The best aerial adventure park in the country? Ramblewild featured in USA Today poll
LANESBOROUGH — Typically, when someone is clambering 40 feet off the ground through the canopy of a New England forest, they aren't going to stop and think about voting.
But the folks at Ramblewild are hoping their adventurous friends and customers will do just that, and raise the aerial adventure park to the top of a list of 20 of the best aerial parks in the country as compiled by USA Today.
Anyone who logs on here can vote for Ramblewild and possibly help boost it to the top five, or even No. 1. On Friday it was ranked sixth. The voting ends April 22.
"There are hundreds of aerial parks and zip lines in the U.S., so this is really big for us to be in the top 20," said Ramblewild co-founder Valentina Cugnasca. "And if we win, that would plant a big shiny star on the Berkshires."
Ramblewild opened in June 2014. It occupies 11 acres of a 1,500-acre property.
It is set to open for the season on April 20, according to general manager Derek Hargreaves.
The park features eight aerial trails — two each on four levels of expertise: beginner, intermediate, advanced and expert. Using safety harnesses and helmets, visitors climb into the forest canopy and travel through the woods from tree to tree on assembled aerial pathways without ever touching the ground.
Each trail has 18 elements to navigate, such as bridges, ladders, rope swings, cargo netting, zip lines or log obstacles. In all, there are 450 elements. Some of the elements are a little mind bending, such as the zip lines upon which people ride a kayak or a saddle or a skateboard across a gorge.
At peak season — July and August — the park employs about 30 people, and hosts between 200 and 300 visitors per day, Hargreaves said.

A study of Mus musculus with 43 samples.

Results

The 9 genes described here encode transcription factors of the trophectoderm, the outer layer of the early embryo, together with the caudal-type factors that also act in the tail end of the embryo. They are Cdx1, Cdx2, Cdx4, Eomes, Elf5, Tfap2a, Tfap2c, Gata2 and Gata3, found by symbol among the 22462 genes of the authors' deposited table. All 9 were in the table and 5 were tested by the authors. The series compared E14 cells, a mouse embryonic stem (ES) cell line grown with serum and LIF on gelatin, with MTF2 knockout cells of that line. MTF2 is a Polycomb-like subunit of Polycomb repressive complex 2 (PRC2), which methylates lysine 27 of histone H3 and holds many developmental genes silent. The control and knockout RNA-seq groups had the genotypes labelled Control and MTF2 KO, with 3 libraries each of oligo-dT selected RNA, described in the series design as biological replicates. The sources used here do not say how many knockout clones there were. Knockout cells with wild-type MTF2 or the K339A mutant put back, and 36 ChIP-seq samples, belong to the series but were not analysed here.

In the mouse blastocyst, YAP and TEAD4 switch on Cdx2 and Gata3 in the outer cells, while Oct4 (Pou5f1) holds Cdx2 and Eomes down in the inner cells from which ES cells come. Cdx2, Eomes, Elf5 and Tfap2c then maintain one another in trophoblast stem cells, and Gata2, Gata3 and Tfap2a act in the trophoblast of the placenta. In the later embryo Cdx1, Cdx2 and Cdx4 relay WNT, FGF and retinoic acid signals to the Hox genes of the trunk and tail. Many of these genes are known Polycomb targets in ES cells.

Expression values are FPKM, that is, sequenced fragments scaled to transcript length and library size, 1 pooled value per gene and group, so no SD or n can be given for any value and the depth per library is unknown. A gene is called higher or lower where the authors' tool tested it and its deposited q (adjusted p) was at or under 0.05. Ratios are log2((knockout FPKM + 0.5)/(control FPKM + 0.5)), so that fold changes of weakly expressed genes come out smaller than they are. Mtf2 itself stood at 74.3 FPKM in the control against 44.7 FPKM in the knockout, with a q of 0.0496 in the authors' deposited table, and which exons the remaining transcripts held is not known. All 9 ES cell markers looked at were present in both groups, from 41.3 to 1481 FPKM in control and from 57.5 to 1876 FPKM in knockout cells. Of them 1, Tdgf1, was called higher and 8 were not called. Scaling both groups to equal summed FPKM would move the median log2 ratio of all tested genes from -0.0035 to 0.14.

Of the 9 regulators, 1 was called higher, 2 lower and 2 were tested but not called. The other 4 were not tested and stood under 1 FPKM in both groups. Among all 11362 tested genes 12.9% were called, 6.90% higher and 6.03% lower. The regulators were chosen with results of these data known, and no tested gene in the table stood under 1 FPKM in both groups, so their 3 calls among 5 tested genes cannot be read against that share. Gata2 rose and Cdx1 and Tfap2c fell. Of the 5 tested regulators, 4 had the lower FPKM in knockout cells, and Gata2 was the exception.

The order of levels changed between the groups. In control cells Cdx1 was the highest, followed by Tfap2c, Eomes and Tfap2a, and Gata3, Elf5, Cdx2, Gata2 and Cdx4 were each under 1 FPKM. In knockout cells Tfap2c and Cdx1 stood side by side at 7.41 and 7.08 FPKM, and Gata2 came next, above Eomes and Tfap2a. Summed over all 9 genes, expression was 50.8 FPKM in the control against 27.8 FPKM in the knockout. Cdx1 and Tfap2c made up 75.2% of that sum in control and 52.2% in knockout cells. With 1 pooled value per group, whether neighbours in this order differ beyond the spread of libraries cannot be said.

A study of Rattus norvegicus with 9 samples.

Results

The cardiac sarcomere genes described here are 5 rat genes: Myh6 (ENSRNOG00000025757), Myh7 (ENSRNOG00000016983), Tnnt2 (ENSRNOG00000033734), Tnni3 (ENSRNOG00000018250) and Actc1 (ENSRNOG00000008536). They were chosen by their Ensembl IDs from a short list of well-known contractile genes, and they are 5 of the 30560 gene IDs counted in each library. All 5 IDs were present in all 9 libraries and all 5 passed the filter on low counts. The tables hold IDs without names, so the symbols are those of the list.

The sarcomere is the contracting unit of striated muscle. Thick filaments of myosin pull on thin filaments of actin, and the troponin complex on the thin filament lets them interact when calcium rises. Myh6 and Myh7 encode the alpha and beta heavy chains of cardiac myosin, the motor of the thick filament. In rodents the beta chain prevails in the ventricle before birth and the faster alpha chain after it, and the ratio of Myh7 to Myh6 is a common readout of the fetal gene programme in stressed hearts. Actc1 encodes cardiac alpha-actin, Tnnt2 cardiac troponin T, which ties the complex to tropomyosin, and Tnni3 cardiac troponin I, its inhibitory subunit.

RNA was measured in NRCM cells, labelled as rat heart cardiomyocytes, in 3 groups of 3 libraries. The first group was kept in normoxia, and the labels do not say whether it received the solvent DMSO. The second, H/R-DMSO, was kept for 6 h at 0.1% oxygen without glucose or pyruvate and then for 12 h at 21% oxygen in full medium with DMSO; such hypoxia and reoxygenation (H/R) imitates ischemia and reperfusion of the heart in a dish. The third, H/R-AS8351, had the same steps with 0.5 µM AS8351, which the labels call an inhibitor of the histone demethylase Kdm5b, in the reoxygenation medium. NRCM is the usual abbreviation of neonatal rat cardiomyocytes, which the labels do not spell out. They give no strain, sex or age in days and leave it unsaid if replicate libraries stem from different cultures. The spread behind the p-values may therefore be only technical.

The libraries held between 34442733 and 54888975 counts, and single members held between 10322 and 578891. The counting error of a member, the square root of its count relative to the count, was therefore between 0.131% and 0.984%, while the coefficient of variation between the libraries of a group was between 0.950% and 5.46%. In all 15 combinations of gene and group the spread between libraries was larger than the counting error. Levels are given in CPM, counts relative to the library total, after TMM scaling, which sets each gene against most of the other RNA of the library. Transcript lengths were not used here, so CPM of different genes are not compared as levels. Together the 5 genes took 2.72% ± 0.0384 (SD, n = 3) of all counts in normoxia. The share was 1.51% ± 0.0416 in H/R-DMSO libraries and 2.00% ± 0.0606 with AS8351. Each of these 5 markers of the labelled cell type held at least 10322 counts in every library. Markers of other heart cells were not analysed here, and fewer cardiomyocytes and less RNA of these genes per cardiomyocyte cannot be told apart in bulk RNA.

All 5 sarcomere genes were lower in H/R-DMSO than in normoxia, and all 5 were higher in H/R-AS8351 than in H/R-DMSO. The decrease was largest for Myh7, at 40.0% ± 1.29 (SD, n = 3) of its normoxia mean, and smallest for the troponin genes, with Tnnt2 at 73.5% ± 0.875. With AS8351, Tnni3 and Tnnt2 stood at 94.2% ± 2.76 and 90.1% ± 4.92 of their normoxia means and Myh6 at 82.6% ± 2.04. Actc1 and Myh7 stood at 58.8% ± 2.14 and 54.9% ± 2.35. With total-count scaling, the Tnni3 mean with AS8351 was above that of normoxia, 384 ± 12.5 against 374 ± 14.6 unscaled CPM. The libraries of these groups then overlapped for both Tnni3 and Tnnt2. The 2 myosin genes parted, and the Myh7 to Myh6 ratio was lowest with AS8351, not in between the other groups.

Prices are $69 for adults, $59 for visitors 17 years old or younger. Berkshire County residents get a 25 percent discount upon showing their ID.
"We feel we are a very unique in how we operate the business," Hargreaves said. "For example, we also have a number of educational programs for all ages."
He said a good result in the poll "would certainly be nice — being recognized by our peers on a national level. But it would also be good for the Berkshires as a whole. We're all in this together."
In prepping the park for opening in 2014, Cugnasca came up with a plan to use the entire property as a financial resource by operating educational programs, corporate team-building activities and tours of the forest — alongside the aerial adventure attractions — to reacquaint urban dwellers with the natural world.
"There is a way to generate financial activity in a forest without cutting down trees," she said.
The property is home to six of the 10 Berkshire Wind turbines and miles of nature trails. And the parent company of Ramblewild, Feronia Forests, operates a sugaring operation which yields both maple syrup and maple water, Cugnasca noted.
It's a matter of harnessing the forest ecosystems to "create social, environmental and financial impact" by treating it as a partner — nurturing its growth while it returns the favor — rather than just as a source of raw materials, she said.
"So the question became: How do we reconnect people to nature in a way that's fun and exciting," Cugnasca said. "And it's nice to see the impact this magnificent and magical experience has on people's personal lives. The fact that we can have an impact like this makes it a privilege."
The USA Today poll is an opportunity to highlight the Berkshires and all the attractions within, Cugnasca said.
"The more people we can bring to Ramblewild, the more people we bring to the Berkshires — and the more people will leave with a different perspective about the forest and about themselves."
Scott Stafford can be reached at email@example.com or 413-629-4517.